Eight of the nine ousted Catalan ministers who have been accused of sedition and misuse of public funds by Madrid were remanded in custody by a Spanish high court Thursday. The ministers, who all supported Catalonia seceding from Spain and becoming an independent republic, were previously stripped of their offices after the October 1 referendum.
The eight detained former ministers include former Catalan Deputy Vice President Oriol Junqueras, the right hand of the independence movement’s leader, former President Carles Puigdemont. Many other top officials were detained: former Foreign Affairs Minister Raül Romeva, former Justice Minister Carles Mundó, and former Interior Minister Joaquim Forn among them. Lawyers representing the eight ministers said that they would appeal against the decision, which they described as “unjustified, disproportionate and predetermined.”
Nine former ministers were called to Madrid to answer questions. Only one minister, ex-Business Minister Santi Vila, was granted bail. Unlike the other eight, Vila resigned before the Catalan Parliament could vote for independence on October 27. Other ministers are to be tried for the same charges, including Speaker Carme Forcadell. However, they will sit before the Spanish Supreme Court due to their parliamentary immunity.
Madrid is not done, and has asked the judge to issue arrest warrants for Puigdemont and four more former ministers, who have all fled the country. The deposed Catalan president, who is now in Brussels, said he would return to Spain only if he was guaranteed a fair trial. He also called for his former colleagues to be released, calling their jailing a “serious mistake.”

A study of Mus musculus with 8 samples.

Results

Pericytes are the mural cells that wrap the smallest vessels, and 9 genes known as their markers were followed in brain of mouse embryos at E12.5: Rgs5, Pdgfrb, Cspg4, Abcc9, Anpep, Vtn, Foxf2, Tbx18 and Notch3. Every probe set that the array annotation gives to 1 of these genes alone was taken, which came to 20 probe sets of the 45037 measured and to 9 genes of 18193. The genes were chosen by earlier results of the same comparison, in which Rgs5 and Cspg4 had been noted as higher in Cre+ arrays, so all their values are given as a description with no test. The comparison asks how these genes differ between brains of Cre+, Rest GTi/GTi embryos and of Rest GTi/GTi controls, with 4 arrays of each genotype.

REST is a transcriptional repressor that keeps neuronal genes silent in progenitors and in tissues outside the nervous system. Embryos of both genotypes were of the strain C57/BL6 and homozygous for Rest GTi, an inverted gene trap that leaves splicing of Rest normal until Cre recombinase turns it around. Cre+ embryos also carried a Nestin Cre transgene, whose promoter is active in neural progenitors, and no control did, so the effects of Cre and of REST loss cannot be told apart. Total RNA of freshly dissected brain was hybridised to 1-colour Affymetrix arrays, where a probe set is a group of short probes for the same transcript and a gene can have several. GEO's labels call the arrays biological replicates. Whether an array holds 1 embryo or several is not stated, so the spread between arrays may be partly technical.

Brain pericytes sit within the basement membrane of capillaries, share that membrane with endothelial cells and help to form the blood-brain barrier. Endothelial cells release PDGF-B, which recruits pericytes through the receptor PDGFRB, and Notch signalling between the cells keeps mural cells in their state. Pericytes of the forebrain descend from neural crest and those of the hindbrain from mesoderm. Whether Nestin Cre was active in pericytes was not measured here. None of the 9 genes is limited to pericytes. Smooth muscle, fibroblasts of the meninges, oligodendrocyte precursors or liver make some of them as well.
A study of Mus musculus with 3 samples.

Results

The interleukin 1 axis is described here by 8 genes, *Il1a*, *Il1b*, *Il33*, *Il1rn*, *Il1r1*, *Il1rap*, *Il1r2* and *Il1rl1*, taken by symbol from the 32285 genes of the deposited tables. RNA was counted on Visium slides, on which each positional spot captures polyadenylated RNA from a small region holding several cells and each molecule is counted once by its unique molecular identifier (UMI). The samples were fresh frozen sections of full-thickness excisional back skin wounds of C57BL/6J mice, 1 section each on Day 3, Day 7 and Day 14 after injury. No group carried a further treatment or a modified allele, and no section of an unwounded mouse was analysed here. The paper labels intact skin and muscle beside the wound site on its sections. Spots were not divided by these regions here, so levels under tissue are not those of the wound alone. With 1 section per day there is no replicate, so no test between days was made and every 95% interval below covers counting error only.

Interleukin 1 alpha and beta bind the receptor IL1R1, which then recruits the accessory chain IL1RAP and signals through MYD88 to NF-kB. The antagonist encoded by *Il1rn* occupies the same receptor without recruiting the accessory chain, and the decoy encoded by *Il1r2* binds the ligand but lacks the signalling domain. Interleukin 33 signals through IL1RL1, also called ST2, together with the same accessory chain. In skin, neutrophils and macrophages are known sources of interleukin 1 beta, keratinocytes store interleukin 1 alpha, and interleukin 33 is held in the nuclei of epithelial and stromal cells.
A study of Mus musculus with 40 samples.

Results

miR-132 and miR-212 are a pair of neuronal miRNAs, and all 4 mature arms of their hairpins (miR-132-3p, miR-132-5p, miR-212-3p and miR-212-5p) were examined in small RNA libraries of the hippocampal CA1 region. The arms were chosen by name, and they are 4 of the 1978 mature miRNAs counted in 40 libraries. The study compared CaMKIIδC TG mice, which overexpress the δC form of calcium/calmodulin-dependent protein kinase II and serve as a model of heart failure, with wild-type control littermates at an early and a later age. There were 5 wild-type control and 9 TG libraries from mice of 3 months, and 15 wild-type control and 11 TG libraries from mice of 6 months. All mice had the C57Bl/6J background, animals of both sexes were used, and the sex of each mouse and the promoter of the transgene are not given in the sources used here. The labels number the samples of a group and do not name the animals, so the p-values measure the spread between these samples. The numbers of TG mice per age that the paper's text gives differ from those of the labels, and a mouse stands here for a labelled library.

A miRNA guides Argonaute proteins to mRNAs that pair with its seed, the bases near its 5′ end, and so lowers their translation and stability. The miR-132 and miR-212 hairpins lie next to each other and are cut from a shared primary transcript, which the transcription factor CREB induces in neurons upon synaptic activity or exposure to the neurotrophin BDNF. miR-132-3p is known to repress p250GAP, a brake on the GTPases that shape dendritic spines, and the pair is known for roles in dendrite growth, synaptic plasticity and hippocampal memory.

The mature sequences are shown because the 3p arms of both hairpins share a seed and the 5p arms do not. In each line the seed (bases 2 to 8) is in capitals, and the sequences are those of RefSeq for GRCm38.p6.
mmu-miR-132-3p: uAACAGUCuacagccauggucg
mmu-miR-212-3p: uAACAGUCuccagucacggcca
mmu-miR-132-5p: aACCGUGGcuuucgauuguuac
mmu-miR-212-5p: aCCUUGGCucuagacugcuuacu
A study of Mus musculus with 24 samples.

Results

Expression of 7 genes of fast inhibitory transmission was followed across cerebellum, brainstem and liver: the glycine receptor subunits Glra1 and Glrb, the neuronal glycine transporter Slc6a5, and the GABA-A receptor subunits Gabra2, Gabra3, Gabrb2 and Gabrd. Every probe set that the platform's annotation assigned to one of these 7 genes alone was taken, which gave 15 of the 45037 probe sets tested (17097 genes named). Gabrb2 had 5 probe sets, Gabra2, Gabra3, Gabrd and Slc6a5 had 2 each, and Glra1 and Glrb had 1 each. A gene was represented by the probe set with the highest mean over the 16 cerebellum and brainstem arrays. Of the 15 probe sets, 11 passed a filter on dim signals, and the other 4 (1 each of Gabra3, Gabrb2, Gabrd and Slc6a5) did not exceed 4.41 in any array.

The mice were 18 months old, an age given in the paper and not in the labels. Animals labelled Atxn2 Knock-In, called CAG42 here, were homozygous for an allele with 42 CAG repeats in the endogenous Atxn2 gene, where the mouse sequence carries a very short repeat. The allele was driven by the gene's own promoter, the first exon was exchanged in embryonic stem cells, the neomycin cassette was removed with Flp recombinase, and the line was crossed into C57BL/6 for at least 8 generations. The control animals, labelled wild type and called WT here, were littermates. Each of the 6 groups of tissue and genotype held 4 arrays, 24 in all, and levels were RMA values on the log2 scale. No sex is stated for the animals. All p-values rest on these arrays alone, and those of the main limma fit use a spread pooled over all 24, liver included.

“Repeated attempts to deliver the summons at home and repeated phone calls have been ignored,” Spanish prosecutors said in a statement. “For his part, Carles Puigdemont has publicly stated his intention not to appear and has requested… to make a statement via video conference, without giving any information about his current whereabouts.”
If the warrant is issued, then Belgian authorities will have 15 days to arrest Puigdemont. Brussels can get out of the warrant for several reasons, such as political or racial discrimination — or fear that the suspect would not receive a fair trial. As such, the Spanish internal crisis threatens to spread to other countries in the European Union as well, who have generally tried to stay neutral during the rupture. Puigdemont’s lawyer Paul Bekaert told the Associated Press that Puigdemont would turn himself in to the police if an arrest warrant was issued.
At the beginning of October, the Catalan people undertook an independence referendum in which 90 percent of those who voted opted to secede from Spain. In late October, Spanish Prime Minister Mariana Rajoy imposed direct rule over Catalonia, dissolving the regional Parliament. Madrid also jailed the leaders of two prominent pro-independence organizations: Jordi Sanchez, president of the Catalan National Assembly (ANC), and Jordi Cuixart, president of Òmnium Cultural.
Catalan leaders have described these arrests as the undemocratic taking of political prisoners. “A government democratically elected at the ballot box is in jail,” said Barcelona Mayor Ada Colau after Sanchez and Cuixart were arrested. “There is a common front to achieve the freedom of the political prisoners.”